By using a mechanical watch-inspired analog gauge cluster instead of a display, the geniuses at Bugatti not only gave the $4.1 million Tourbillon hypercar the coolest cockpit ever but also made the car lighter.


The recently revealed Bugatti Tourbillon hypercar is a mechanical masterpiece. Under the leadership of Mate Rimac, Bugatti made some really bold decisions to make its newest offering stand out from all the other multi-million hypercars money can buy. Undoubtedly, the hybrid powertrain with a naturally aspirated V16 is a marvel of engineering. However, Tourbillon’s jaw-dropping analog gauge cluster is a true highlight of the $4 million hypercar. While some might think of it as a very expensive and unnecessary gimmick, let me tell you that it was quite a smart move to equip the Chiron replacement with a mechanical watch-like instrument cluster.


Over a little more than a decade, instrument clusters in cars have transformed from simple analog gauges with very basic digital readouts to highly sophisticated digital displays capable of delivering a wealth of information. Most modern cars have all-digital gauge clusters that boast high-resolution, cutting-edge technology and customizable layouts. Even Porsche, a brand known for valuing its purist patrons, fell prey to the trend and gave the face-lifted 911 an all-digital gauge cluster. However, Bugatti decided to go against this trend by using a completely analog unit.

The Tourbillon does have a single display and its hidden.

Bugatti made an interesting choice to name its newest hypercar, the Tourbillon – a crucial mechanism used in high-end mechanical watches. But it makes perfect sense. Not only does it rhyme with the automaker’s previous two models, but it’s also a subtle reference to Bugatti’s French heritage. It was developed by Swiss-French watchmaker Abraham-Louis Breguet and patented by Breguet on 26 June 1801. French for “whirlwind,” the mechanism eliminates the influence of gravity on the accuracy of mechanical watches. It’s quite evident that Bugatti’s new hypercar is deeply inspired by the world of horology, and the analog gauge cluster is the single most important component that pays tribute to its inspiration.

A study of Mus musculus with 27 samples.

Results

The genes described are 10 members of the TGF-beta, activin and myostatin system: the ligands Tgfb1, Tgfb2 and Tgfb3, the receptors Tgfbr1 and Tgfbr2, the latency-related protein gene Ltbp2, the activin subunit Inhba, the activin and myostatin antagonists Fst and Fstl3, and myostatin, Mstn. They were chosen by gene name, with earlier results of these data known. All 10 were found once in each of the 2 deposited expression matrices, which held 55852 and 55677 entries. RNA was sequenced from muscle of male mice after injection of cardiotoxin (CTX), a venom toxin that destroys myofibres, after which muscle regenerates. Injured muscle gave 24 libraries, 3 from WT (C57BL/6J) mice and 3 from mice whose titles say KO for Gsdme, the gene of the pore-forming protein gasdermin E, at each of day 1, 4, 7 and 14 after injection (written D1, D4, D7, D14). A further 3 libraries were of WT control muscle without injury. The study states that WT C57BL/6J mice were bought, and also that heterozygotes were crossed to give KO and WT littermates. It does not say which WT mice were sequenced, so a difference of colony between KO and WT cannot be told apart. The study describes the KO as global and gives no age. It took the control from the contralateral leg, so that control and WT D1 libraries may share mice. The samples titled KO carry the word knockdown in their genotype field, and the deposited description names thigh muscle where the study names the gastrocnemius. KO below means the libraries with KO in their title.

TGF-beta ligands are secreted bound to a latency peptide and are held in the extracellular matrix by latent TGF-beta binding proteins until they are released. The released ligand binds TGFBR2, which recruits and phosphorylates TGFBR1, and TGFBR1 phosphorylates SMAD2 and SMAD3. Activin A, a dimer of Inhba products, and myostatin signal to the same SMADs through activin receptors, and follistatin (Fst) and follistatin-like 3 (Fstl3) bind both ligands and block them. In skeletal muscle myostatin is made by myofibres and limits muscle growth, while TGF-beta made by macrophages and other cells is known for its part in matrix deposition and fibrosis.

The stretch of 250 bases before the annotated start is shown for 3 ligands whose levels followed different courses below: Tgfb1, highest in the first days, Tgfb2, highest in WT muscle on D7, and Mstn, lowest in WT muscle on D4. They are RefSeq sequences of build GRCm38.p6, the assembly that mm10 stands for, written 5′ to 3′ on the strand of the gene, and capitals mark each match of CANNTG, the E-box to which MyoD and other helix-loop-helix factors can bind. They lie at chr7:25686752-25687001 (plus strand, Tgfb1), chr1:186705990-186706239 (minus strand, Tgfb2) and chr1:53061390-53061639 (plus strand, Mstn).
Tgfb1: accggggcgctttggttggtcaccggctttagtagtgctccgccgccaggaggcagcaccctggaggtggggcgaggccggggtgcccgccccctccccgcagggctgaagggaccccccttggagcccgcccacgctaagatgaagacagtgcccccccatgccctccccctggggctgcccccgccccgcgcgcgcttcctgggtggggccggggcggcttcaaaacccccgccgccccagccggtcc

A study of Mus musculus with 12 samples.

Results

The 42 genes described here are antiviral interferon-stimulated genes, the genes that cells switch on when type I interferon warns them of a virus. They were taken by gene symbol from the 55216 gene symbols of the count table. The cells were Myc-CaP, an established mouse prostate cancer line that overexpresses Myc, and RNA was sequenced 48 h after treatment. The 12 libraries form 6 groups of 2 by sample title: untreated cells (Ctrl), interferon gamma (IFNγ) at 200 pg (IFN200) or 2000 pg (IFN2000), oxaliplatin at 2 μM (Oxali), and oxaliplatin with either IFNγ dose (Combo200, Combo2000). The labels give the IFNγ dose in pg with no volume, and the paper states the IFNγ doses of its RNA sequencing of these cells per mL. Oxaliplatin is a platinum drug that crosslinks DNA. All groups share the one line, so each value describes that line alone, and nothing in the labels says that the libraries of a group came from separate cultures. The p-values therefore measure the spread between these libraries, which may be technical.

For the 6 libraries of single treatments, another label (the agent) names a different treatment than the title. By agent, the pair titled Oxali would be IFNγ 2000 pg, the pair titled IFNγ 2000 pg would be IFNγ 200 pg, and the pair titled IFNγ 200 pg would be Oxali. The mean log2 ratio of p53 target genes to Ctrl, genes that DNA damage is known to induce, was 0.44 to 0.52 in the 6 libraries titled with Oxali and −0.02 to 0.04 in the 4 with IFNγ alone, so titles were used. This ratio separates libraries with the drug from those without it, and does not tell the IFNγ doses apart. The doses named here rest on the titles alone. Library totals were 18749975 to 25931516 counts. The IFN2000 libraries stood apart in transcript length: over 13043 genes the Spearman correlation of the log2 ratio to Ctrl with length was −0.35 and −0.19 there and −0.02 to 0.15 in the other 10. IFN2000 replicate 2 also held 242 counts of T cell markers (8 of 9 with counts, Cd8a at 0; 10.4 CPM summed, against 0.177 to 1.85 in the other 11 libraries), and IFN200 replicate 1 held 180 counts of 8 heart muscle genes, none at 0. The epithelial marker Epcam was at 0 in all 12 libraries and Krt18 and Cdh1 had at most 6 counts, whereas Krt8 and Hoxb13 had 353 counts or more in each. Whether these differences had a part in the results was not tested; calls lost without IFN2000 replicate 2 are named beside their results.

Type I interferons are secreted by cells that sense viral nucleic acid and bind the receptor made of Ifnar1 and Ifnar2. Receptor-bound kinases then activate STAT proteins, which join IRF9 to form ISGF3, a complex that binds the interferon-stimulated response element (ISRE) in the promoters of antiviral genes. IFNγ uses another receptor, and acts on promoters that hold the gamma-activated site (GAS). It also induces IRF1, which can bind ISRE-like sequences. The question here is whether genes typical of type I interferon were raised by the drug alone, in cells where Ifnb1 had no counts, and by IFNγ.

Via Facebook / @Concepto watch factory

Tourbillon’s gorgeous gauge cluster is made of a total of 600 individual parts mixing titanium and precious stones and assembled with a precision of 50 microns. The speedometer alone has 250 components. The unit was developed and constructed by Concepto, the movement manufacturer based in La Chaux-de-Fonds. In fact, Concepto Watch Factory is an unsung hero of the Swiss watchmaking industry; it’s a supplier of mechanical movements for some of the biggest watch brands, including Jacob & Co. and Bulgari.

The factory of Concepto. Via Facebook / @Concepto watch factory

The company has around 160 skilled craftspeople and other employees who are responsible for producing around 30,000 mechanical movements and other time-measuring objects each year. Let’s hope this starts a new trend of sophisticated analog gauge clusters, at least in multi-million exotic cars.

Sayan Chakravarty, a Senior Writer at Luxurylaunches, brings over 10 years of automotive journalism expertise. He provides insightful coverage of the latest cars and motorcycles across American and European markets, while also highlighting luxury yachts, high-end watches, and gadgets. An authentic automobile aficionado, his commitment shines through in educating readers about the automotive world. When the keyboard rests, Sayan feeds his wanderlust, traversing the world on his motorcycle.